Waste to Energy
Waste-to-energy (WtE) technologies are processes designed to convert waste materials to useable energy in the form of electricity, heat, or both. The energy is generated in most cases directly from combustion or through the production of combustible fuels, including synthetic fuels, methanol and ethanol.
HSAGolden specializes in the following waste to energy technologies:
• Landfill Gas (LFG)
• Anaerobic Digestion
Waste-to-Energy Facility Site Selection
Whether your WtE project involves incineration, pyrolysis, gasification, anaerobic digestion, or another WtE process, site selection is a necessary and critical project element. Site selection involves an often-complex series of challenges and opportunities that involve research, an ability to seamlessly interact with a bevy of regulatory and governmental agencies, and a proven track record of success. The engineering firm that undertakes the project must be staffed with highly qualified engineers, scientists, planners, and support personnel who possess a solid understanding of the entire process.
Site Selection Challenges
Each WtE project presents unique challenges. Following are just a few of the challenges an engineering firm might negotiate in the site selection process:
- A steady and consistent supply of waste (fuel) is critical to project success. The site location must be convenient to waste haulers.
- The type of waste must be considered. Each waste has its specific biological, environmental and logistical characteristics. Factors such as waste uniformity, odor, and processing equipment needed will influence site development.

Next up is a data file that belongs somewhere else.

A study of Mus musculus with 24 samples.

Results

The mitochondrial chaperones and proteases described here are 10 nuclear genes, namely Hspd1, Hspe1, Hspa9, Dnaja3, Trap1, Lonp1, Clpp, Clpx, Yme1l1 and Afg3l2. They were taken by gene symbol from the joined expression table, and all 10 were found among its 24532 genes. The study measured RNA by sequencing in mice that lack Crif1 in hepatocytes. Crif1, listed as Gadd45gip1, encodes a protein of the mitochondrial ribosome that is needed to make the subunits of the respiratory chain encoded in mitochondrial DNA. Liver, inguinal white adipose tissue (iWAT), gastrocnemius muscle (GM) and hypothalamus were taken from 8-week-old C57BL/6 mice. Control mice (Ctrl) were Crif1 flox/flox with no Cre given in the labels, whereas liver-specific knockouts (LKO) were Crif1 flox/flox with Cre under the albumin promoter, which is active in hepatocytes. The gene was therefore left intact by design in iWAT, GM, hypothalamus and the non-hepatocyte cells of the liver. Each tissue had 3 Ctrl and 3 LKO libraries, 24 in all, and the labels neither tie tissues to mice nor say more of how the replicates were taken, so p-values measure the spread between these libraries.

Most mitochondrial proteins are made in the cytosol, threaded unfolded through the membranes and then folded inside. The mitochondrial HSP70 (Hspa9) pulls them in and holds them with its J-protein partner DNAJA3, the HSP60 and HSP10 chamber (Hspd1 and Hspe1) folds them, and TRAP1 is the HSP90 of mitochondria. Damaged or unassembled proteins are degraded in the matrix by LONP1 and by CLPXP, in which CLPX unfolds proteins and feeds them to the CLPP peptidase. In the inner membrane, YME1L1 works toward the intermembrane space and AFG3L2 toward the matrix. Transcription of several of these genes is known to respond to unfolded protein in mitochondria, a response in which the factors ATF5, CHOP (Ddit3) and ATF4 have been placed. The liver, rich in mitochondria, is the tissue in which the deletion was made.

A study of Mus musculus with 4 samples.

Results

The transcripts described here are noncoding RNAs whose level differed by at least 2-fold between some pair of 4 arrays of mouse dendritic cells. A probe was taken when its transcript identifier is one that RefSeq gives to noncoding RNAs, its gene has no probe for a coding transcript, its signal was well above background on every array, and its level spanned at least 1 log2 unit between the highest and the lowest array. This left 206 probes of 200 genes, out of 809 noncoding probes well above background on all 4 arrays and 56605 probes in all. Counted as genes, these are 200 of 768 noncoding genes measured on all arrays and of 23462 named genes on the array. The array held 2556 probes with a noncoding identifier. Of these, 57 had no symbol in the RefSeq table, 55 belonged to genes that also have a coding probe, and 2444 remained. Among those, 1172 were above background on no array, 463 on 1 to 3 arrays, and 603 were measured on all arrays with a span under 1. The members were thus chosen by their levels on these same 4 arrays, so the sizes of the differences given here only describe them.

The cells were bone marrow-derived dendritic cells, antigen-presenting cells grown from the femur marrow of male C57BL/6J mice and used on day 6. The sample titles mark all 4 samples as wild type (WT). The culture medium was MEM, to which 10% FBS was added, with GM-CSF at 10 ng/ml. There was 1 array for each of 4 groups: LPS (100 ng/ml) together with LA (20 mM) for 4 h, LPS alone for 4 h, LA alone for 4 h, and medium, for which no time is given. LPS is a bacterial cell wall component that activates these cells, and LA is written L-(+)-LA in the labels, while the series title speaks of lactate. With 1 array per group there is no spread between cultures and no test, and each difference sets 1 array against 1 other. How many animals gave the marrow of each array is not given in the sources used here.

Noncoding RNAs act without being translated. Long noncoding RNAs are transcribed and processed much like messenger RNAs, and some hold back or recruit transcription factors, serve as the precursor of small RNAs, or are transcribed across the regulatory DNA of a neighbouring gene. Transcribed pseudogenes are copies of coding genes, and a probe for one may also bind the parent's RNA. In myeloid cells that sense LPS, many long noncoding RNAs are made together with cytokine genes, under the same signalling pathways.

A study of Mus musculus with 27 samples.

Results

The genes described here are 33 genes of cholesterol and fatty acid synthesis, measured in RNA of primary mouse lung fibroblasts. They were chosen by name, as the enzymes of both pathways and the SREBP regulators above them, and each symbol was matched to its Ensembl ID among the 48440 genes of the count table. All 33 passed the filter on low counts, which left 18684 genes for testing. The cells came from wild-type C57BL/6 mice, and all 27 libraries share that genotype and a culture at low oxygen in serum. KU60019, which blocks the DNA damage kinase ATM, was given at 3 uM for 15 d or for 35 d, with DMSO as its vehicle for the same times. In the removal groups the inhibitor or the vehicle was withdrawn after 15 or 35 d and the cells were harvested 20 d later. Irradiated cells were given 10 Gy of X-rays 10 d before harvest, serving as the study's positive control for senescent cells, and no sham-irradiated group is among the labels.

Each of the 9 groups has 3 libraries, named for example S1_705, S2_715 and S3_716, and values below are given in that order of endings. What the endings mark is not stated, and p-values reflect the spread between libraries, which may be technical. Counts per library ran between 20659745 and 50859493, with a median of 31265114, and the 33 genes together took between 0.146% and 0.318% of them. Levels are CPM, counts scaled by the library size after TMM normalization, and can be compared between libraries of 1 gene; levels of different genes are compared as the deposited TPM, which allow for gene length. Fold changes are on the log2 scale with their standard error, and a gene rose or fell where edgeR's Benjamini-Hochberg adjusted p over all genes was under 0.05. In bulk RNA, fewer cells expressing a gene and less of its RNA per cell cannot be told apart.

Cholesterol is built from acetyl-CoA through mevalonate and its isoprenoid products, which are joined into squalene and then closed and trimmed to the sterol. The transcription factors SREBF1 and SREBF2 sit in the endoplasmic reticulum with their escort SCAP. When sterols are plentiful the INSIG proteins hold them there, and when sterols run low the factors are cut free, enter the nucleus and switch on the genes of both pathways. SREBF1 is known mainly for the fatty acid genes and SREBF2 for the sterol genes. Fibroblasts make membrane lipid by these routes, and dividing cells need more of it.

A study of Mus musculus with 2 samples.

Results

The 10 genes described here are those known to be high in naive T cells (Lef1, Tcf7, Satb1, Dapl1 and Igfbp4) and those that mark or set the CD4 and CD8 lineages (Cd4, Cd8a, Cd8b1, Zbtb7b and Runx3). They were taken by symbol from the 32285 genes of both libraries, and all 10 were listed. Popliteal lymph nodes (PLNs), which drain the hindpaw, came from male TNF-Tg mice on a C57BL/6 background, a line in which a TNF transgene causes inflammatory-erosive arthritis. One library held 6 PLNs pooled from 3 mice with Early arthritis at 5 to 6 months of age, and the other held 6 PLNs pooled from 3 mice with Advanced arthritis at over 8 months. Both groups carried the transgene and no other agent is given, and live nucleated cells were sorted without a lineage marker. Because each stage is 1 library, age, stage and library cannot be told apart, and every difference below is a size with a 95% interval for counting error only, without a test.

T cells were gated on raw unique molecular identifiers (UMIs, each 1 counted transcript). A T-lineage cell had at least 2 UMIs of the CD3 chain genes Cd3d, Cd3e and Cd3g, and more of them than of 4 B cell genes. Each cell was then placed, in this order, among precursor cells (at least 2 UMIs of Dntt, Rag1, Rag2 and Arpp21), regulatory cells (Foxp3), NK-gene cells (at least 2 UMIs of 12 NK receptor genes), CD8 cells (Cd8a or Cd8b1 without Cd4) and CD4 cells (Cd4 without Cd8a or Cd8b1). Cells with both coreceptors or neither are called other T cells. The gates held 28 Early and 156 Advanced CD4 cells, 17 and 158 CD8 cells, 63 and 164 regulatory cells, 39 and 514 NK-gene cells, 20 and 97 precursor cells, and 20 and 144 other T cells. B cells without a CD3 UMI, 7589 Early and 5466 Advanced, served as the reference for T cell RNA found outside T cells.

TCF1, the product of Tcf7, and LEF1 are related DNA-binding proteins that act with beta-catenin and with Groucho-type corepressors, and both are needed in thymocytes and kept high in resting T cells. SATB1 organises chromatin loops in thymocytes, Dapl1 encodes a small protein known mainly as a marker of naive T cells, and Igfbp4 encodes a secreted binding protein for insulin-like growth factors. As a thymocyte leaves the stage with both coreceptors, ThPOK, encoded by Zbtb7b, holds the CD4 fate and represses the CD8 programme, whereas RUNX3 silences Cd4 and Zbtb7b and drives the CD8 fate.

- The waste will require storage, handling, and processing, and the site must not only accommodate these activities, but provide reserve capacity for times when additional waste is available or for facility expansion.
- Real estate cost can, of course, make or break the project.
- Political concerns are unique to each location. For example, a community that has a long history of environmental activism would almost certainly present challenges.
- Permitting requirements involve both detailed knowledge of the permitting process and a solid working relationship with the governmental and regulatory agencies. For example, regional air permitting requirements may make a project unviable.
- Site geology must be suitable to support structures, waste stockpiles, and the like.
- It’s imperative that the engineering consultants have developed their own extensive database of information gleaned from their own experiences in project management, design and site selection. They should also have access to shared data/intelligence from national, state, and local agencies.
- The flexibility to stay on top of new and emerging technologies to assess the potential value and utility of these.
Additional Things to Consider
- Regional and community tax bases should be considered; it might be much less expensive to operate a facility in Kentucky than Southern California. What’s saved in tax expenditures could be used for operational costs.
- Plant accessibility and the ability to draw upon a readily available workforce are key concerns.
Please find below some of our waste-to-energy projects for which we’ve been retained over the years. Some are complete, and some are ongoing. We’re always adding more projects, so please check back from time to time.